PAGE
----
Visualize Time-series with Grafana and TimescaleDB


We’re visual creatures by nature, so it’s no surprise that visualizing data can help generate new, meaningful insights into it. Pairing the visualization power of Grafana with the time-series database functionality of TimescaleDB makes it easy to obtain a visual picture of data that changes with time. In this article, we’ll show you how to visualize time-series with Grafana and TimescaleDB with detailed instructions for each step of the process.

Prerequisite

Before you proceed with this tutorial, you’ll need to install and configure a few items: – PostgreSQL 11TimescaleDBGrafana

You’ll need to have basic knowledge of PostgreSQL in order to follow along with this tutorial.

What Is Time-Series Data?

Put simply, time-series data is a type of data that represents how a process, behavior or system changes over a period of time.

What Is Grafana?

Grafana is an open source visualization and analytics software that allows analysts to view complex time-series data in a more readable visual format.

How to Visualize Time-Series Data in Grafana

In this section, we’ll walk you through the steps needed to to visualize time-series data in Grafana and TimescaleDB.

Setting Up Sample Dataset

Our first task will be to create a sample dataset that we can use in our Grafana dashboard and our TimescaleDB hypertable.

We’ll log in to the Postgres shell and execute the following command to create the sample database named ‘youtubedb’:


We can then connect to the database using this command: \c youtubedb;

After creating the database, we’ll need to extend TimescaleDB against the table using the following command:


After we create that extension, we’ll create our table named ‘youtube’ using the statement shown below:

    id INTEGER PRIMARY KEY,
    trending_date DATE,
    title TEXT,
    channel_title TEXT,
    publish_date TIMESTAMPTZ,
    views INTEGER,
    likes INTEGER,
    dislikes INTEGER
);

NOTE: Although the step is not outlined in this tutorial, let’s assume that we already populated the above table with 300 rows of sample data.

Notice the text in the green notification box.

Setting Up Grafana Data Source

Now that we’ve created our sample dataset, let’s turn to Grafana. First, we’ll open our Grafana web application using the following URL: http://localhost:3000/login.

We’ll provide the default user name and password, which is admin, and we click the Log In button to proceed.

The application will ask you to change the password. You should go ahead and change the password at this stage; however, for the purposes of this tutorial, we’re going to skip this process by clicking the Skip button to continue.

On the Grafana welcome page, we’ll click Add data source to access the list of available data sources.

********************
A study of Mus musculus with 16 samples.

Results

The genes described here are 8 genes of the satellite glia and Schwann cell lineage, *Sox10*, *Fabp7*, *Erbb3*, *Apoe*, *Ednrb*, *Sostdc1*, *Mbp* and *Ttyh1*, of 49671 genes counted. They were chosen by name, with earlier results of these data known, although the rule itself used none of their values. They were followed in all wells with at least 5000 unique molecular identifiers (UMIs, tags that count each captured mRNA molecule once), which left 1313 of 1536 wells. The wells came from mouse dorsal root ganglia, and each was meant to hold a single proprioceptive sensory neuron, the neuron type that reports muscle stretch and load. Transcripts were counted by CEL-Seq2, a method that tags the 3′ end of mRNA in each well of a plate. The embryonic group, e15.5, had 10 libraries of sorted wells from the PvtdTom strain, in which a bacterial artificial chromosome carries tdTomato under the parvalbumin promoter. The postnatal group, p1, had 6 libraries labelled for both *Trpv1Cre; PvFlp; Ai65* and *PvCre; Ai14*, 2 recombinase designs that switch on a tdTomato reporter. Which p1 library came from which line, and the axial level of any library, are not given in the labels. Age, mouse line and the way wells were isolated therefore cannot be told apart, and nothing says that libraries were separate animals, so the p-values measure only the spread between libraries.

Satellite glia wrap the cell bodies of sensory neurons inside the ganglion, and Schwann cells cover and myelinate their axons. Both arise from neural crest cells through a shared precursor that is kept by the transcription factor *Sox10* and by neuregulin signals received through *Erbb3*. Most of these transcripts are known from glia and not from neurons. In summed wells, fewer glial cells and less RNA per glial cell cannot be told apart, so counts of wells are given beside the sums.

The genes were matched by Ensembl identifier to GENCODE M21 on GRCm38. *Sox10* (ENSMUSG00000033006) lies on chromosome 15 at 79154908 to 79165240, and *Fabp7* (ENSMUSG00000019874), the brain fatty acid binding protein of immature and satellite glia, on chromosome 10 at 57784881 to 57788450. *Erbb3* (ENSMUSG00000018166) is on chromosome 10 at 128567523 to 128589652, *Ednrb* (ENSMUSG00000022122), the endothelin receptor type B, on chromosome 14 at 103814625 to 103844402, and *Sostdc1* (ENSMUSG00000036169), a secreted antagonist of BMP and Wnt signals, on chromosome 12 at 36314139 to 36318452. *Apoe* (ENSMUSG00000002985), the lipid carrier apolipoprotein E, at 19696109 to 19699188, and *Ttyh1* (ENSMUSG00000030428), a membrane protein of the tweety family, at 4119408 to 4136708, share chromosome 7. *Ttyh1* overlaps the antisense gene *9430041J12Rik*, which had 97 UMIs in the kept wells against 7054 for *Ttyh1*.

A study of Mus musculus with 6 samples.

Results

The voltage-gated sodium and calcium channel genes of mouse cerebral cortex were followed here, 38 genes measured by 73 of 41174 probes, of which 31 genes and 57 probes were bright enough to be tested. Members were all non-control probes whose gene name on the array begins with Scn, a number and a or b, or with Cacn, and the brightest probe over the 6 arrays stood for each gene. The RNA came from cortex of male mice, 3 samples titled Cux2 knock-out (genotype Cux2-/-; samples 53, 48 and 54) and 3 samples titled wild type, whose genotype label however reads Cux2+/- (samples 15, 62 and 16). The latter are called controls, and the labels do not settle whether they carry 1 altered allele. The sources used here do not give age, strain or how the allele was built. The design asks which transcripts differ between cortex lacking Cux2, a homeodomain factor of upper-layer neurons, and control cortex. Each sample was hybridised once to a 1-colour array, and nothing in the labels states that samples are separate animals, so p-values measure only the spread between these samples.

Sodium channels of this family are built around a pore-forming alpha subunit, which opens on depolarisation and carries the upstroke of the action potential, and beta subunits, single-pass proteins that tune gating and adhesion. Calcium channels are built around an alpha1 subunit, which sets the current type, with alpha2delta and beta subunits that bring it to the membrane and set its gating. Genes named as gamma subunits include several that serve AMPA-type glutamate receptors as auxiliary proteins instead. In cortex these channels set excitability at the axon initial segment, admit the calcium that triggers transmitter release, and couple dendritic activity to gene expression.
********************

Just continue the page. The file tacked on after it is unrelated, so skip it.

Then we’ll click PostgreSQL to select it as our data source.

Next, we’ll need to provide some necessary details. Notice that we need to enable ‘TimescaleDB’ against the data source in the “PostgreSQL Details” section:

We then click the Save & Test button at the lower left corner of our window to save our changes and verify that we successfully set up our data source.

Visualizing Time-Series via Grafana Dashboard

In the previous section, we connected a Postgres data source to our Grafana application, Now, we’ll create a dashboard to visualize our data within the data source.

First, we’ll go back to the Grafana welcome page and click the New Dashboard icon.

Then, we click the Choose Visualization button to proceed.

At this point, we can choose which visualization we want to use, for this example, we’ll select the graph.

We’ll click the Queries icon and provide details as if we’re creating a SQL query. Here’s a list of what should be provided in each field:

  • FROM: Provide the table name here; in this case, it’s ‘youtube’.
  • Time column: Provide the column that contains the time-series data; in this case, it’s the ‘publish_date’ column.
  • SELECT: Provide the column from which we are going to gather data for display in the graph.
  • WHERE: Provide the query condition; in this case, it will be $_timeFilter.
  • GROUP BY: Provide a time interval such 1minute or 5minute.

Make sure that you set a correct time range for your visualization in order to pull out the correct records from the database.

Here’s another example that shows how we can visualize our time-series data:

By changing the column values and grouping of the time-series, we can look at our data in a different, more meaningful way.

In the image shown above, we can view the trending youtube videos, and we can see the likes they garnered on an hourly basis.

Conclusion

Visualizing time-series data can make it easier to understand the information, identify trends and patterns and gain meaningful insights. In this article, we showed you how to visualize time-series with Grafana and TimescaleDB. With our step-by-step instructions, you’ll be able to create visualizations of your own TimescaleDB data.